Soul Calibur II PS2 Review

Soul Calibur II PS2 Review - Page 1 from TweakTown's online gaming review, article and guide content pages.

Developer / Publisher: NA
4 minutes & 2 seconds read time

"The greatest weapons based fighter ever?"

The fighting genre on home console systems is an interesting one due to the fact that it isn't easy to innovate in a genre which has so many norms that people have come to expect. For instance the most innovation that a game such as Street Fighter 2 has had in its decade existence is new characters, new environments and new fighting modes. If you compare that to other genres then fighting games really have fallen behind in terms of changes. Soul Calibur II is different from most fighting games available at the moment (Tekken, Street Fighter etc) in that it is weapons based and this adds a different element of strategy.

Whereas in most fighting games the story is very shallow for each character, in Soul Calibur II you will encounter detailed stories about the characters past and path through the Weapons Master mode. Soul Calibur II no doubt features the most in depth story telling for a fighting game ever. This increases the replay value ten fold, because instead of all the characters after the World Championship, they all have different objectives they want to complete on their quest.

Soul Calibur II has five main game modes; weapon master, arcade, survival, practice and time attack. Arcade is a direct port from the arcade game where you will be tasked to fight through a number of characters to finish the game and find the famed sword. Arcade includes destined battles in which two characters who have an emotional attachment fight each other, just like in Dead or Alive 3 on the Xbox. You will find that these fights are the toughest to win. In terms of game play, arcade can best be described as the most shallow mode and can be directly compared to games such as Street Fighter II.

Survival pits you against numerous characters until you either defeat around fifty in a row, or succumb to the enemy. After each round, a small amount of health is replenished but the odds are you will eventually be defeated. Practice allows you to perfect your characters special moves (which are actually listed in a menu inside the game, very useful) with a dummy character on the receiving end and time attack is the arcade section against the clock.

The main game is definitely the weapons master mode. This is where all the character storylines are portrayed and various objectives must be completed. Weapons Master is divided into chapters, and in each chapter numerous objectives must be completed to progress. Objectives such as hitting a character twenty times in twenty seconds, defeating an enemy by ring out, and traversing dungeons to find a boss character. As you progress through the quest, more weapons for other characters, new characters and other battle grounds are unlocked. Without this mode Soul Calibur II would be over in little more then an instant. Whilst if you are proficient at fighters, weapons master can be completed fairly quickly, playing it through with each character will take a substantial amount of time. You can also gather gold to buy new weapons and shields for your character.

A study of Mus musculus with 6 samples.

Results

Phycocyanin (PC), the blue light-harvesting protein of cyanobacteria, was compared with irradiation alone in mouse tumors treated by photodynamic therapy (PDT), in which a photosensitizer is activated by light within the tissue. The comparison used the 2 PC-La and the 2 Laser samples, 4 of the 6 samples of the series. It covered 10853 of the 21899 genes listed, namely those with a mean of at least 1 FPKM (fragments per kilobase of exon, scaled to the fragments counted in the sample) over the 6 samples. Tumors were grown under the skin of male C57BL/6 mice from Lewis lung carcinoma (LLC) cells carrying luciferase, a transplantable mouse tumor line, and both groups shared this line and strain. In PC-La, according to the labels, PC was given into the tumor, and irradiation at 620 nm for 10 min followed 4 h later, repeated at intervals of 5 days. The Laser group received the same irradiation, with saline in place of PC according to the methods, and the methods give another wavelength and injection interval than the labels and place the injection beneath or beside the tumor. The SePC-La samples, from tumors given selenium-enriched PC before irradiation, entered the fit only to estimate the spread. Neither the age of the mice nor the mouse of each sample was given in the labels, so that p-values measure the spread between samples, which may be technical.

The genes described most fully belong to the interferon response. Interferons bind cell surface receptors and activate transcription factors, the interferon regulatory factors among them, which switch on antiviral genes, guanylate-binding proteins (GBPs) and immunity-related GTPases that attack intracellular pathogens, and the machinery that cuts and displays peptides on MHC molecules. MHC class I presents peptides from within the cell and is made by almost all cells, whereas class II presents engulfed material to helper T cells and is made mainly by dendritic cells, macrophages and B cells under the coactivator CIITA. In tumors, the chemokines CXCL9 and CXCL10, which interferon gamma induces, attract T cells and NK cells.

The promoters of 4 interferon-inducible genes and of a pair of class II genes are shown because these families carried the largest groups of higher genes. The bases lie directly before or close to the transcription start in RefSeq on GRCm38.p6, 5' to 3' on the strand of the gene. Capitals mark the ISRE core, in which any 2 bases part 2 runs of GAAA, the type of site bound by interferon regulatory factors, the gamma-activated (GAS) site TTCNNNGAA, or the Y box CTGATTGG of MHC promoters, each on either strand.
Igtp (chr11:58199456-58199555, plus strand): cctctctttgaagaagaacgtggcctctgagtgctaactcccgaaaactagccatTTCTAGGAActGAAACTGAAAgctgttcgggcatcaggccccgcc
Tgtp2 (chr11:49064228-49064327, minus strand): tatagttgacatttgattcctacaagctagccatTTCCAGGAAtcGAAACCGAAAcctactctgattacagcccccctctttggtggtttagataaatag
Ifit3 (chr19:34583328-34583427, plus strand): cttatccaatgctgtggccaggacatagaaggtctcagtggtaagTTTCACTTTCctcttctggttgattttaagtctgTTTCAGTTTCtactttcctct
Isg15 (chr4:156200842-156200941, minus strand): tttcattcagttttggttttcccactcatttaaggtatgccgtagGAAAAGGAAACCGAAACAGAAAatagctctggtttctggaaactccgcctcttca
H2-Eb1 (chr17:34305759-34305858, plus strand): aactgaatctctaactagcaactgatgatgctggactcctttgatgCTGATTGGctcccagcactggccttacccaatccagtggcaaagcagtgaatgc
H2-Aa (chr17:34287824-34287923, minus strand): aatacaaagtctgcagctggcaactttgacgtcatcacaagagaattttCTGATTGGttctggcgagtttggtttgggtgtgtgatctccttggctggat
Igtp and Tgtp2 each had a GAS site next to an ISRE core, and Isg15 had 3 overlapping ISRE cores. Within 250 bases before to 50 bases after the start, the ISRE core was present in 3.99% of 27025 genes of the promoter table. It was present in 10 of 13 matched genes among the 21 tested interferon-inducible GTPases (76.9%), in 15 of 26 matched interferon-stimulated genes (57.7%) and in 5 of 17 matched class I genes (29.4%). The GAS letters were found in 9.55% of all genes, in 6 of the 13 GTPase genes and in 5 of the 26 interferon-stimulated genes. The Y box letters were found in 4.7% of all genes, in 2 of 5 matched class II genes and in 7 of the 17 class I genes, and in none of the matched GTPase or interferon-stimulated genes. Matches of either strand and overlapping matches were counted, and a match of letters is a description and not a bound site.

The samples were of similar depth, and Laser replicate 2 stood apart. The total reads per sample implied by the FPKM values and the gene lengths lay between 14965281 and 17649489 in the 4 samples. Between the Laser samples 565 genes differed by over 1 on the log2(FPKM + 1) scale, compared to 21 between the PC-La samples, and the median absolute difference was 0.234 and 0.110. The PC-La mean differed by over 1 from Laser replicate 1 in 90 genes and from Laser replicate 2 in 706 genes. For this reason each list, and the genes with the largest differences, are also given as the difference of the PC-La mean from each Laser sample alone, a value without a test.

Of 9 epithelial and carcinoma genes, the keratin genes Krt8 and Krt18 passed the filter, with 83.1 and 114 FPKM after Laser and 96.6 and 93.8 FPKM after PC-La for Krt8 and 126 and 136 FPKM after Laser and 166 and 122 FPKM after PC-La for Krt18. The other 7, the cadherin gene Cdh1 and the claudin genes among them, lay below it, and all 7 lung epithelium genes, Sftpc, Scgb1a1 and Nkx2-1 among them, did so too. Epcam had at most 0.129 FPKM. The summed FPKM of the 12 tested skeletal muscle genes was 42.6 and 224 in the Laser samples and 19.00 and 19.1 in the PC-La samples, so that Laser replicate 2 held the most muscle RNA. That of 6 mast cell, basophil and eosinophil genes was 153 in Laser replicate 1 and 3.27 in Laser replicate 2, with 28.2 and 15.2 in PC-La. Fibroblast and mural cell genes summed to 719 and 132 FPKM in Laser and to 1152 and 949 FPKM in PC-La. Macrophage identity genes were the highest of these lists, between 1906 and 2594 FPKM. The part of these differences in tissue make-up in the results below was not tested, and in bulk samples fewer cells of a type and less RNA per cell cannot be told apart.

Soul Calibur II features twenty three playable characters but only a few are available at first. Characters such as Talim, Xianghung and Maxi can be picked off the bat but to unlock others, weapons master mode must be played. The Playstation 2 version of the game features Heihachi from Tekken and to be honest he really doesn't fit in. Unlike the other characters he doesn't feature a traditional weapon such as a sword and he doesn't feature in weapons master mode (unless you play as him). In terms of challenge, Soul Calibur II caters for both new players and veterans. With difficulty levels ranging from easy to extremely hard, you should be able to find a decent challenge without being over powered by the AI.

Soul Calibur II uses a 3D engine and thus can produce various different environments for the characters to fight in. Environments featured include a dungeon, courtyard, underground and library just to name a few. They are heavily detailed and look great but nothing can be destroyed in them, so boxes etc can't be picked up and thrown at each other. Some environments lend themselves to special victory conditions such as ring out, and others become a different challenge in the weapons master mode. Such is the variety in Soul Calibur II.

The control system is quite easy to use. The face buttons on the controller perform tasks such as kick, high hit, horizontal hit and guard. One great thing about the controls is various button combinations can be bound to the shoulder buttons. The action in Soul Calibur II is fast paced and some moves are tough to pull off. The controls are easy to use but will take time to master.

For a Playstation 2 game, Soul Calibur II is very impressive visually. Featuring detailed characters and environments rendered in the aforementioned 3D engine, the game looks quite superb. Possibly the best looking fighter on the system yet. Visual effects such as a guard block are all in tact and the replay system after a fight is featured as well. On the sound side of things Soul Calibur II is fairly impressive with a soundtrack which has many different styles of music. Character voices are in English and the sound effects of weapons etc are great. After each fight characters will smack talk each other but sometimes will be empathetic.

Soul Calibur was one of the most revered games on the Dreamcast and the sequel will probably become one of the most wanted games on the next-gen consoles. With numerous game modes, lots of characters and many things to unlock you will be playing this for quite some time. If you want a weapons based fighting game then this is it, but if you're after a game in the vein of Tekken and Street Fighter perhaps its best to look elsewhere.